Composum Blog

various aspects of the Composum world

Releasing with Github Actions

Describes some experiences and gives some hints when setting up a system to create releases on the push of a button with Github Actions

Github Actions

When your project is hosted on Github, it is a natural idea to have continuous integration via Github Actions, which is a really nice system for that with loads of predefined action components you can use for that. And, if you like, you can go even a step further, and release your code from Github Actions to maven central just with a click of a button. That's what I did (you can see our workflows here ), and I'd like to share some insights, tricks and stumbling points I experienced.

Creating a Release with maven and Github Actions

The maven release plugin basically works in two phases: 

  1. you prepare the release with mvn release:prepare , which does a number of checks, then switches the version numbers in your pom.xml, creates a tag and pushes that to your git repository
  2. you create the release with mvn release:perform , which checks out the code freshly in a new directory target/checkout in your root project, compiles it there, creates the javadoc and sources JARs, GPG signs them, and uploads that to whereever you deploy your relelease (e.g. Sonatype OSS Repository hosting in our case).

An awful lot in just two steps, right? In fact, that does have the disadvantage, that if something fails in one of those steps, you'll be left with traces in the form of a tag and the release commits in your Git repository, and either have to ignore that or delete that stuff by hand (which seems an a bit improper thing to do). Right, there is mvn release:rollback , but that leaves even one more commit in your git history.

But as it turns out, you can separate some steps out, pretty much to a point that a failed attempt will leave no traces except that failed Github Actions run you can examine.

Delaying the persistent actions during the release

It took a while, but you can see the final result in createrelease.yml, which we use for almost all of our projects on Github. Never mind that it's pretty long - I left a couple of steps in there that can help diagnosing when something went wrong. That's not necessary, but often helpful since on Github Actions you can't easily inspect the workspace after a failed run, like you can do e.g. on Hudson / Jenkins. So you'll probably end up running the workflow again and again with some debugging statements in there. The important points are here what helps us delay the irreversible actions until all the steps that are likely to fail are already run:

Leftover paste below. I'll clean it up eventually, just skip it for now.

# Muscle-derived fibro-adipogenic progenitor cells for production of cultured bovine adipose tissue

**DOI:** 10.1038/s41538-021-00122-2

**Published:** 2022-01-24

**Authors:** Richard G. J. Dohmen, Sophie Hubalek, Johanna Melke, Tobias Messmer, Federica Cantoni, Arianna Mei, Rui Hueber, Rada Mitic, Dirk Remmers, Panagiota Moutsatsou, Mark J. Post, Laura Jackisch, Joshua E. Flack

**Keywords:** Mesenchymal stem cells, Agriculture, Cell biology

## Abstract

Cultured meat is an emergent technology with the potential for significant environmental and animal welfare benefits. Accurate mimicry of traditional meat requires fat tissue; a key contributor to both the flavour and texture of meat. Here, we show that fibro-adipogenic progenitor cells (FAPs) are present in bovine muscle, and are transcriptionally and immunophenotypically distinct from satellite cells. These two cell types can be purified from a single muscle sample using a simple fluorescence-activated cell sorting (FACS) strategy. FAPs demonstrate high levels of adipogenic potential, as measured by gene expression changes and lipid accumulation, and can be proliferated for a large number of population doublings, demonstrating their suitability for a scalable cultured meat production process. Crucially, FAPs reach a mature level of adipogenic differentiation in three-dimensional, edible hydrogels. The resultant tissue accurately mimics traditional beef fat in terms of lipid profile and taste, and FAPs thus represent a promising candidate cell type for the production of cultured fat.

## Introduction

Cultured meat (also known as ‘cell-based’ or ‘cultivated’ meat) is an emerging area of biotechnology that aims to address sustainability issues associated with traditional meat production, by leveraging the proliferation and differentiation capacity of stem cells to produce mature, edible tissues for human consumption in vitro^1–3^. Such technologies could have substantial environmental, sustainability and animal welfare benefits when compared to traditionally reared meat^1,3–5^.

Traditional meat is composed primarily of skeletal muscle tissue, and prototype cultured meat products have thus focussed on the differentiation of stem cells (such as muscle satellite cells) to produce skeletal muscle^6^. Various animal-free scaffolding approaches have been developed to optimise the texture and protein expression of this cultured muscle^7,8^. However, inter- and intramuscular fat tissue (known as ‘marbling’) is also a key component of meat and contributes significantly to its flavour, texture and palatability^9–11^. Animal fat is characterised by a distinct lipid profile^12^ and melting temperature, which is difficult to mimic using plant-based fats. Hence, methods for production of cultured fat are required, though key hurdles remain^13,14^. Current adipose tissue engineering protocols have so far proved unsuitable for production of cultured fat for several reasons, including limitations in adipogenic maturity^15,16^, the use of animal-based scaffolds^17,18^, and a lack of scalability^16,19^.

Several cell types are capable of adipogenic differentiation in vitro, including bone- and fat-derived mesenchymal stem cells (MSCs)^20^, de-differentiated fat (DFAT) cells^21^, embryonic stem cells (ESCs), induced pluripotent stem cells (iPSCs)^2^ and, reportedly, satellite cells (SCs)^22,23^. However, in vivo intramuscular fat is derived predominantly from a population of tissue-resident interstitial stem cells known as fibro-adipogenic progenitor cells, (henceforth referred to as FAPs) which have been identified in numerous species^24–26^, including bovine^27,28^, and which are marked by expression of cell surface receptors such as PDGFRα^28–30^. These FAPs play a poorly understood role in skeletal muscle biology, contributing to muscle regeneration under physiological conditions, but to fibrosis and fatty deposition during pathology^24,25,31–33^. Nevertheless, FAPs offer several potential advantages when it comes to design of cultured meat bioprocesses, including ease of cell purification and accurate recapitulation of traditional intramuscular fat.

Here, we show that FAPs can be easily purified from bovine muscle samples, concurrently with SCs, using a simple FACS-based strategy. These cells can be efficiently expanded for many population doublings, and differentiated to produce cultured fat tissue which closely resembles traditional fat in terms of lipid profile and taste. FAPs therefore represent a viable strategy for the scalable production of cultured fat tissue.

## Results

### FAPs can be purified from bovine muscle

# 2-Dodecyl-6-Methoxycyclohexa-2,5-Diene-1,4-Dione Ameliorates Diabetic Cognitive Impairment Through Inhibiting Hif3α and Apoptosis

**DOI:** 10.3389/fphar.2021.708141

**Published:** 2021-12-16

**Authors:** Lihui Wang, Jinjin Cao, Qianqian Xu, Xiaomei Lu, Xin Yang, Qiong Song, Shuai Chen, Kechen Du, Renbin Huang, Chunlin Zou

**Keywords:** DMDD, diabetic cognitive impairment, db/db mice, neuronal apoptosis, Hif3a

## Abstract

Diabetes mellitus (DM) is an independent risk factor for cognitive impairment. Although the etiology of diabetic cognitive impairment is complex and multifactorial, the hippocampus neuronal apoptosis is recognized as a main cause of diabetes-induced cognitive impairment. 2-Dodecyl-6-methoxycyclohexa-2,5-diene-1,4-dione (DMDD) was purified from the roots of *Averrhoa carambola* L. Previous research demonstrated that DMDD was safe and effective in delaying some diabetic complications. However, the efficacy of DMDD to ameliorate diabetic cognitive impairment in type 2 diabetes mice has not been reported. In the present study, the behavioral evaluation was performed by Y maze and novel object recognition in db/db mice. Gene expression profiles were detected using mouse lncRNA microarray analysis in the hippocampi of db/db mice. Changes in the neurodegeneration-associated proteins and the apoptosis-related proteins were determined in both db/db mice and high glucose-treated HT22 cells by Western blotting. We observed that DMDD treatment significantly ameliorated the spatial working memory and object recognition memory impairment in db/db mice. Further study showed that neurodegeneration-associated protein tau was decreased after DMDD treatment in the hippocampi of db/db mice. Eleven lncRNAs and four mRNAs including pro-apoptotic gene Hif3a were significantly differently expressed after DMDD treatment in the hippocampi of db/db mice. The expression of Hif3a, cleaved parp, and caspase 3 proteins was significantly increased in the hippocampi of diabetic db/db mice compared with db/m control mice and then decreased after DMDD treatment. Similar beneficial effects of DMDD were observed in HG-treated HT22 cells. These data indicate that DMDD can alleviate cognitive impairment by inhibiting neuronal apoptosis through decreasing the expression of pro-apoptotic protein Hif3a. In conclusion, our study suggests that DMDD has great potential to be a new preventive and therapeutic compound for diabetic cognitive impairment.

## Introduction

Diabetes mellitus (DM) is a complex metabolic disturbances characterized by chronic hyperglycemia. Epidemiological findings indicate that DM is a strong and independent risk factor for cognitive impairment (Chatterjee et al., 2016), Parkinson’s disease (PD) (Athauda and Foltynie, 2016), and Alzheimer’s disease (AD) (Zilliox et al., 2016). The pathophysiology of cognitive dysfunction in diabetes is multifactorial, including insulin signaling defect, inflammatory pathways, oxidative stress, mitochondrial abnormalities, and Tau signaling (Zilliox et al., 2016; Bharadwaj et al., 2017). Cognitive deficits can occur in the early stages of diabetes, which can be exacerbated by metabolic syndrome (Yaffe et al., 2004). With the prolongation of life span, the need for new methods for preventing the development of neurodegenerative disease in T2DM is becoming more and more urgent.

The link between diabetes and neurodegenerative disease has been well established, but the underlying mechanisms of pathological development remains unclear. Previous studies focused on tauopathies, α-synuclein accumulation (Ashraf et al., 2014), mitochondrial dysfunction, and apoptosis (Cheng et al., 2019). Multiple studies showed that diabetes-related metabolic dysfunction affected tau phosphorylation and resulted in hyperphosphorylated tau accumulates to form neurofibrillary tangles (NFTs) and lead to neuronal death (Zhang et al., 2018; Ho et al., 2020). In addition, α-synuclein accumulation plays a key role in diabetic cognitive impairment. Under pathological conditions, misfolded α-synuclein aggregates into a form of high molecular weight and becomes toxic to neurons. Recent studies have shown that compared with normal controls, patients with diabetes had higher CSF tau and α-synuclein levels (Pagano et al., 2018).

1. Checking out the code, setting up the build environment and initializing GPG keys, configure Git etc.
  2. Prepare the release with mvn release:prepare -DpushChanges=false . That creates those release commits, but does not yet push that into your Github project.
  3. Perform the release with mvn release:perform -DlocalCheckout=true -DdeployAtEnd=true , but take care to configure your nexus staging maven plugin with autoReleaseAfterClose=false . That way, the release is uploaded to OSSRH only after the build is mostly finished, but not yet released to the maven central repository, since we haven't pushed the commits yet.
  4. Push the release tag and commits into the Github project.
  5. In the directory target/checkout release to the maven central repository with mvn nexus-staging:release
  6. If anything failed, do a mvn nexus-staging:drop, instead.

With that annoyingly elaborate ordering of steps, the likelihood that you have permanent traces because of a failed build is pretty low. Only from step 4 you have permanent changes, and once you've got that script run once, these steps will probably work every time.

Other stuff

The OSSRH documentation gives you a pretty good walk through to deployment, but there were some interesting stumbling points on the way when running with Github Actions.

  • The GPG keys have to be encoded with base64 before being put into the Github project secrets, since they otherwise span multiple lines, which creates trouble when ijmporting. You also have to import the "owner trust" for that key.
  • Setup permissions in Github Actions to push to Github
  • For whatever weird reason, we had to run mvn install javadoc:aggregate site:aggregate instead of just mvn site:aggregate when creating the site, but that's from a different script (master.yml).